Azeri SOCAR aims up to $3 billion additional investment in Turkey
Jale Özgentürk-BAKUAzerbaijan’s state-run energy company SOCAR, a majority stakeholder of Turkish petrochemical maker Petkim, is aiming to make an additional investment worth up to $3 billion in Turkey, SOCAR Turkey chair Vagif Aliyev has said.
“SOCAR is working on a new investment for petrochemical products. The new facility may become a second Petkim,” Aliyev said in an interview in Baku.
“We are in talks with the government for this investment to be qualified as a strategic investment,” he said.
He noted that the new investment would likely be up to $3 billion, although an exact volume was not defined yet.
The Turkish government supports strategic investments in certain sectors as part of a new investment incentive program.
SOCAR Turkey CEO Zaur Gahramanov said the company made around $11 billion of investment in Turkey in the last decade, adding that the total investments will hit $18 billion by 2020.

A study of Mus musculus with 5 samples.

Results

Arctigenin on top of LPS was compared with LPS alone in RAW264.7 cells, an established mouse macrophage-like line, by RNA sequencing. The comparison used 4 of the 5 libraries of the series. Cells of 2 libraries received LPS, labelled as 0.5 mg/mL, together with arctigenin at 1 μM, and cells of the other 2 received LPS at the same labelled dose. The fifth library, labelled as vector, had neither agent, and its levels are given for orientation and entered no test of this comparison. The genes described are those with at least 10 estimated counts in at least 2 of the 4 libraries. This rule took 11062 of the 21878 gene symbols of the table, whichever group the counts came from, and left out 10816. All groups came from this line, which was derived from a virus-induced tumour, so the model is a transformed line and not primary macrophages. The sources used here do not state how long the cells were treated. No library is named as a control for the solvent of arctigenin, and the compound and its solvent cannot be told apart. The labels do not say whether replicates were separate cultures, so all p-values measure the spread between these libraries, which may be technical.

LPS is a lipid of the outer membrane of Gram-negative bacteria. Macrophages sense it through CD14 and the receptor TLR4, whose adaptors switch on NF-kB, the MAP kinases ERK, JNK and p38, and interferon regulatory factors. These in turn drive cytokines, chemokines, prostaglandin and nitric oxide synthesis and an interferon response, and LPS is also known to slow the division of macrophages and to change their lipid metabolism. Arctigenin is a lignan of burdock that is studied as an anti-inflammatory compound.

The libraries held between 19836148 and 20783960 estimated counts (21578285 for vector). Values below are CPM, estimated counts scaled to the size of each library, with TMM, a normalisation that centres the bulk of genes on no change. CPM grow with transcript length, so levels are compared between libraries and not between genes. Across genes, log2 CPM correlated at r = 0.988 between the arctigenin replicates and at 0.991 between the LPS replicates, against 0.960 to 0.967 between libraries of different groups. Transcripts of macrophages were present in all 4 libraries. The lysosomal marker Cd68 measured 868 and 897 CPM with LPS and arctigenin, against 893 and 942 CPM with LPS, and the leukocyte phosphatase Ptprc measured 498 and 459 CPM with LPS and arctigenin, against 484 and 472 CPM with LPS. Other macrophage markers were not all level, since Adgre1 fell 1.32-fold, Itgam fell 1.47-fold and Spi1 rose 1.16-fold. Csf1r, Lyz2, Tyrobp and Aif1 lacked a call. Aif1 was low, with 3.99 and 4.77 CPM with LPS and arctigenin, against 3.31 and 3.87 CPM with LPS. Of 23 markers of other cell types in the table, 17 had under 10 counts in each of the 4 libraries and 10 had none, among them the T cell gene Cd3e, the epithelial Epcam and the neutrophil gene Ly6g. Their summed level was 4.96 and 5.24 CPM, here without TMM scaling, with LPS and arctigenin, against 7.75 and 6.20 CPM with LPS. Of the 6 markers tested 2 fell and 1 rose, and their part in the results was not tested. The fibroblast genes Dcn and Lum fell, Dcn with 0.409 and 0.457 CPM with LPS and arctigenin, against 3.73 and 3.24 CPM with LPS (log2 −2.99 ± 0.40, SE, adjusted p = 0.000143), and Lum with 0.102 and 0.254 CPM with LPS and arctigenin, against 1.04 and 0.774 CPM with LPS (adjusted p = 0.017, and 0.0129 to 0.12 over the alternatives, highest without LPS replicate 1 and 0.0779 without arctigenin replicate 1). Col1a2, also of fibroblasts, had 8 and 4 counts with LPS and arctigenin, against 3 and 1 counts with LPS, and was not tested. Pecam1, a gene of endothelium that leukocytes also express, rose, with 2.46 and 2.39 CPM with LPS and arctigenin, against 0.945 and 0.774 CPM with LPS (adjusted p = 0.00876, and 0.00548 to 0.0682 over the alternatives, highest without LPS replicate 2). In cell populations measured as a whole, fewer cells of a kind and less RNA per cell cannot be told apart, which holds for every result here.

“The construction of our Star Refinery will be completed in İzmir in 2018. Additionally, our wind power plant in Petkim’s area will meet some 30 percent of the energy needs of the Aliağa district,” he said, adding that it would become the largest wind power investment of SOCAR.
Aliyev said some 70 percent of the Trans-Anatolian Natural Gas Pipeline project (TANAP) was completed.
TANAP envisages gas transportation from Azerbaijan’s Shah Deniz field to the western borders of Turkey.
Some 58 percent of TANAP shareholders are from SOCAR, 30 percent from Turkey’s gas grid BOTAŞ and 12 percent from BP.
Gahramanov noted that TANAP’s construction was planned to be completed by the year-end.
“In a bid to take part in fuel supply and distribution, we had been interested in Petrol Ofisi, but we opted to be out of this process as we were unable to agree on the company price. We can build a new company in this area or buy another company,” he added.
Austrian energy group OMV said in March it agreed to sell its Petrol Ofisi unit to Vitol Investment Partnership, managed by the Swiss-based commodities firm Vitol for 1.37 billion euros.